Boldon Colliery man warned he is in the ‘last-chance saloon’ over court debts

A man has been warned he is in “last-chance saloon” to keep his liberty after failing to pay his debts to a court.

Mark Mahadeva, 45, of Arnold Street, Boldon Colliery, was spared immediate jail by magistrates who declined to activate a suspended 60-day term.

But they told him they would not hesitate to do so if he fails to stick to a new repayments' plan – and must come back to court in November to prove he is.

Mahadeva racked up fines and costs of £2,865 between December 2015 and April 2018, South Tyneside Magistrates’ Court heard.

The case was heard at South Tyneside Law Courts.



And he also failed to provide police with information as to the driver of his motor, and did not send a child to school.

Defence solicitor Geoffrey Forrester told South Tyneside Magistrates’ Court jobless Mahadeva had paid around £1,000.

He insisted his client had inadvertently fallen into arrears – and urged magistrates not to activate the suspended sentence.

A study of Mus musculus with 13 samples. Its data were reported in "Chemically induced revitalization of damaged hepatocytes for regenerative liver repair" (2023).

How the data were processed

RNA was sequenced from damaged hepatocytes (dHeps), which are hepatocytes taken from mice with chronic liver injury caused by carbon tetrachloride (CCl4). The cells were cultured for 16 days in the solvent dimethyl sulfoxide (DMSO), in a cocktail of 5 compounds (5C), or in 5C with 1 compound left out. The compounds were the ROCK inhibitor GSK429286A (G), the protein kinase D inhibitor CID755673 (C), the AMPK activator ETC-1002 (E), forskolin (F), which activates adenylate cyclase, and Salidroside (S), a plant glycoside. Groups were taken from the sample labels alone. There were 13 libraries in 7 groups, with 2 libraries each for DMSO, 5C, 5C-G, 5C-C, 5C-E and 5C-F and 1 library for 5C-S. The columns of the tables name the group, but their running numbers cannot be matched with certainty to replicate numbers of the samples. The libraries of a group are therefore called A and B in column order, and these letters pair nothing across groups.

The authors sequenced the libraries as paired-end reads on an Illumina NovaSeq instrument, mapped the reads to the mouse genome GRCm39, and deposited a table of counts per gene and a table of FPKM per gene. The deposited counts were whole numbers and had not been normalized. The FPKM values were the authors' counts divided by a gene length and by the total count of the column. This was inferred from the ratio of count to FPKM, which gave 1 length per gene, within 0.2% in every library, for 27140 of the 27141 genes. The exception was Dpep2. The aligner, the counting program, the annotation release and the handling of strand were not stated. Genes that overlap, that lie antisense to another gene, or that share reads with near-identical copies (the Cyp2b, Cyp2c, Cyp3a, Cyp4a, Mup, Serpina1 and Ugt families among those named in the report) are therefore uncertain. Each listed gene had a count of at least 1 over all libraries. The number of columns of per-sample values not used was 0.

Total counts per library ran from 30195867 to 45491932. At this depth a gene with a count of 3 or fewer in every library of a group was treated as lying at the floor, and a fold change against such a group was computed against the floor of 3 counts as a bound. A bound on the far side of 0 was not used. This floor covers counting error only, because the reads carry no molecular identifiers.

She said the sentence, imposed two years ago, would be activated at his next day in court if he failed to cough up.

At the same hearing, Mahadeva was disqualified from drink-driving for 23 months – but Mr Forrester immediately launched an appeal.

The court heard Mahadeva refused to admit his guilt but was convicted at trial at the same court in May.



A breath test on Thursday, February 14, showed 92mcgs of alcohol in 100mls of breath. The legal limit is 35mcgs.

At trial, he maintained his innocence and claimed the police version of events was wrong.

He was also handed a 23-month community order and 15 days of rehabilitation work with the Probation Service.



Mr Forrester successfully asked magistrates to suspend the driving disqualification ahead of Mahadeva’s new, as yet unset, appeal court date.